The Café initiative, the first of seven “thematic strategies” that will make up the EU’s sixth environmental action programme, should have appeared in July. But strong objections to the draft strategy – in particular its expected €12 billion implementation costs – led to a delay, and for a while even some doubts as to whether it would ever be published.
In that context, the fact that it was published last month, with implementation costs now put at €7.1bn, is an achievement for the environment commissioner Stavros Dimas. But he has admitted the level of ambition has had to be lowered following industry protests, and that has angered environmental campaigners who felt the first draft was already too weak.
T&E issued a statement saying: “Other than the fact that it has finally been published, there is unfortunately little to welcome here. In the field of transport it is not a strategy – it is a collection of restatements of existing policies and some weak promises. Now is not the time to ‘investigate the feasibility of’ or to hear that the Commission ‘intends to’ do things. It is time for real action.”
The strategy’s advocates still claim it can reduce premature deaths caused by pollution from the 2000 figure of 370 000 a year to 230 000 by 2020. But by reducing the emissions ceilings for nitrogen oxides, sulphur dioxide and ammonia, and removing the legal need for action on ultra-fine particles, the targets have become more modest.
“It is a compromise,” Dimas said. “I tried very hard to bring the benefits to the fore in the discussion … but we had to further decrease our level of ambition.” And some EU government representatives are said to want to re-open the debate on the level of ambition.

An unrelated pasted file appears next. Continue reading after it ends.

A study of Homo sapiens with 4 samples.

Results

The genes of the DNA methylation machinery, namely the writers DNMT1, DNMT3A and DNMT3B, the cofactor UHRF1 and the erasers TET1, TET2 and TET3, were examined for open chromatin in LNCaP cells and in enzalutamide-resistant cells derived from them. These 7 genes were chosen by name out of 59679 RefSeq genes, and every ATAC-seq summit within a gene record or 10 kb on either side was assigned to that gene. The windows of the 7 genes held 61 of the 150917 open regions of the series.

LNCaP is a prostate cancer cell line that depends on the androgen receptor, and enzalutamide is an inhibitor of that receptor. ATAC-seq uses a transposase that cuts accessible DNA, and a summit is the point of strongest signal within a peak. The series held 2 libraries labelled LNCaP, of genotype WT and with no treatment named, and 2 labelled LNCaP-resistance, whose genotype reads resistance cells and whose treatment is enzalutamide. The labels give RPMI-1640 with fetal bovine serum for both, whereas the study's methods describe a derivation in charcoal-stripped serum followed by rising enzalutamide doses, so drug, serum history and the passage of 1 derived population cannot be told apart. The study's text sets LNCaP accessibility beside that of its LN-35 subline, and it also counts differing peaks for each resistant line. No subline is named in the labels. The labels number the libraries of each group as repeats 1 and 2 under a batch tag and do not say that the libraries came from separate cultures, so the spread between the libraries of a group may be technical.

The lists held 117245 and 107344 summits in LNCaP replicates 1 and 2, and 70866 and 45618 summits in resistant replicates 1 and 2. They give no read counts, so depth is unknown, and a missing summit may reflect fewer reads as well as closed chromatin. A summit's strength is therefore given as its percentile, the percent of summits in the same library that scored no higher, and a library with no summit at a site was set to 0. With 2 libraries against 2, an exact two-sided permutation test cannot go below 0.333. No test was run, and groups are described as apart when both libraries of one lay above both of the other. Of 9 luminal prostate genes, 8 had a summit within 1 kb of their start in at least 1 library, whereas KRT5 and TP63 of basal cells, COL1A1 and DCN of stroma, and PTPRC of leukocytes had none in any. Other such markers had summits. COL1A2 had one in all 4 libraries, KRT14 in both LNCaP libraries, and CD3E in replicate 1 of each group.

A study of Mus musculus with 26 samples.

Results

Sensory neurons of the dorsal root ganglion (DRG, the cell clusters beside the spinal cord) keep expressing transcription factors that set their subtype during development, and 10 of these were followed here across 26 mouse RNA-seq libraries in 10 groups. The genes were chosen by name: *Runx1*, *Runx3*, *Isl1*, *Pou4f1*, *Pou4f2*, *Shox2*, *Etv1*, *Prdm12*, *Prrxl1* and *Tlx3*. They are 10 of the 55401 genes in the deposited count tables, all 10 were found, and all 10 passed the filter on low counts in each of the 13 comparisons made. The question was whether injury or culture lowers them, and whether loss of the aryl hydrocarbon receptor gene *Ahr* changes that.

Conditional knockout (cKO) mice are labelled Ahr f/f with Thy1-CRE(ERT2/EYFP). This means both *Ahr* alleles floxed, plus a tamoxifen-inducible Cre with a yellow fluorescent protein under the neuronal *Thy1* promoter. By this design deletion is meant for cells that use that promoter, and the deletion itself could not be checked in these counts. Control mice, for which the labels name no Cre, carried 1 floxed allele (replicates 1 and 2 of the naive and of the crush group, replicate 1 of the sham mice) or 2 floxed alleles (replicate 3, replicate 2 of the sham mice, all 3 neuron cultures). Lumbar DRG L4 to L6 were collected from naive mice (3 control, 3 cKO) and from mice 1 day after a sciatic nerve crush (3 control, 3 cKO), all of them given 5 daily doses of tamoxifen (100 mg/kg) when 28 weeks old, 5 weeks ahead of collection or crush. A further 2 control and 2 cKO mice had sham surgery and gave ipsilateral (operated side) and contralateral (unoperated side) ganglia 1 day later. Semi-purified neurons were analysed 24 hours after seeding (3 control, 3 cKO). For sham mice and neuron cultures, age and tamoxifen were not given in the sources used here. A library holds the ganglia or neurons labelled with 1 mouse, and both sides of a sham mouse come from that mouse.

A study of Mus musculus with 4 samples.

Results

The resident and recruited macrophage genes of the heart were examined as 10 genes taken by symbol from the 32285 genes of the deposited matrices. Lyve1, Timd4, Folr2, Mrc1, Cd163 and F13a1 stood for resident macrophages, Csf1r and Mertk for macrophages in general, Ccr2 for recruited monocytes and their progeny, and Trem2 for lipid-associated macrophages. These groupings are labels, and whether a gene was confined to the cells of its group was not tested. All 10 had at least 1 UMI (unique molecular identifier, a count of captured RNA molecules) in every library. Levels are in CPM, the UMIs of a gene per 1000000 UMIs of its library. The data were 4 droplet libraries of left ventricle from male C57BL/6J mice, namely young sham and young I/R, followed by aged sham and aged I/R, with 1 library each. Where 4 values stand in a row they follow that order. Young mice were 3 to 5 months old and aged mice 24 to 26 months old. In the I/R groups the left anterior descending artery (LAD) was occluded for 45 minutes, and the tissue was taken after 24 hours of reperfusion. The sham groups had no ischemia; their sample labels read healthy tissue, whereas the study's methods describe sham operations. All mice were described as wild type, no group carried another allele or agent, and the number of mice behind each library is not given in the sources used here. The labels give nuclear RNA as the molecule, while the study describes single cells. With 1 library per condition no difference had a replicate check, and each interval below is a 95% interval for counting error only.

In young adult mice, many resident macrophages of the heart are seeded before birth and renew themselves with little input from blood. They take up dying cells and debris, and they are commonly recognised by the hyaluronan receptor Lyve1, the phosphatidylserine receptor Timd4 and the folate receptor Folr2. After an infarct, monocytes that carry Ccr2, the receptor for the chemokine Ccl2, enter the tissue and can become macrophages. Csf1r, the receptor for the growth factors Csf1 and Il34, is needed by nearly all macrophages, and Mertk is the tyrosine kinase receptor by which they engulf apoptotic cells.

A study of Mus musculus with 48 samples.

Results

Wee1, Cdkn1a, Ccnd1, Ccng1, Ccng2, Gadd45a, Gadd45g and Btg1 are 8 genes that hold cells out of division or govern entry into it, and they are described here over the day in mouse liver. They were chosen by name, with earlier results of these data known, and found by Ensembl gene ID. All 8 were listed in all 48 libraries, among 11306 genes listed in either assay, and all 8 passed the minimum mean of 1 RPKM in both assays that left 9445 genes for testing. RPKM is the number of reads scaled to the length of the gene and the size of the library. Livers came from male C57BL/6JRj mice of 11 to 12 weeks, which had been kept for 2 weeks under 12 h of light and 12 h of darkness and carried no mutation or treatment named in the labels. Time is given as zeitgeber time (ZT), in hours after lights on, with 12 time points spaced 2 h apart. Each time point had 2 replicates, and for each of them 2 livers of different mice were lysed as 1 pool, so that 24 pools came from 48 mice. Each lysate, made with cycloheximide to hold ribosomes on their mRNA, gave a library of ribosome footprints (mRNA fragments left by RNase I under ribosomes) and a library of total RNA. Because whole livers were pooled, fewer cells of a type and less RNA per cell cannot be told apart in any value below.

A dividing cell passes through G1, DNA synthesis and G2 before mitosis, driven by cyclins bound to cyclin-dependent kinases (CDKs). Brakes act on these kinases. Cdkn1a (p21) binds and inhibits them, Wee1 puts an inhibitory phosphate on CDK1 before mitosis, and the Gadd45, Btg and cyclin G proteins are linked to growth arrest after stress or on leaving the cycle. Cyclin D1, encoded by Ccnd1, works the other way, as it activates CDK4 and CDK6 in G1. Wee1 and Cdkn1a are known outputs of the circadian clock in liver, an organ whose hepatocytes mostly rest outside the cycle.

Industry groups acknowledged that concessions had been made, but said that the costs were still high. A spokeswoman for Unice, the industries federation which led protests over the initial draft, said: “This is a real improvement [over earlier drafts], but the level is still ambitious.” And the oil industry group Europia said the ambition level remained “steep”.
But Dings added: “What is more worrying is that the concrete measures linked to the ‘strategy’, like Euro-5 emissions standards for cars, also look terribly weak. The Commission is listening only to certain lowest-common-denominator industry groups and ignoring the potential of innovative companies to do more.”
The strategy’s concentration on ultra-fine particles (PM2.5) has been criticised by Dutch and Swedish researchers in an article in European Respiratory Journal . They say tightening controls on PM2.5 is good, but the decision to leave limits on PM10 particles unaltered overlooks the significant health risks caused by PM10.
This news story is taken from the October 2005 edition of T&E Bulletin.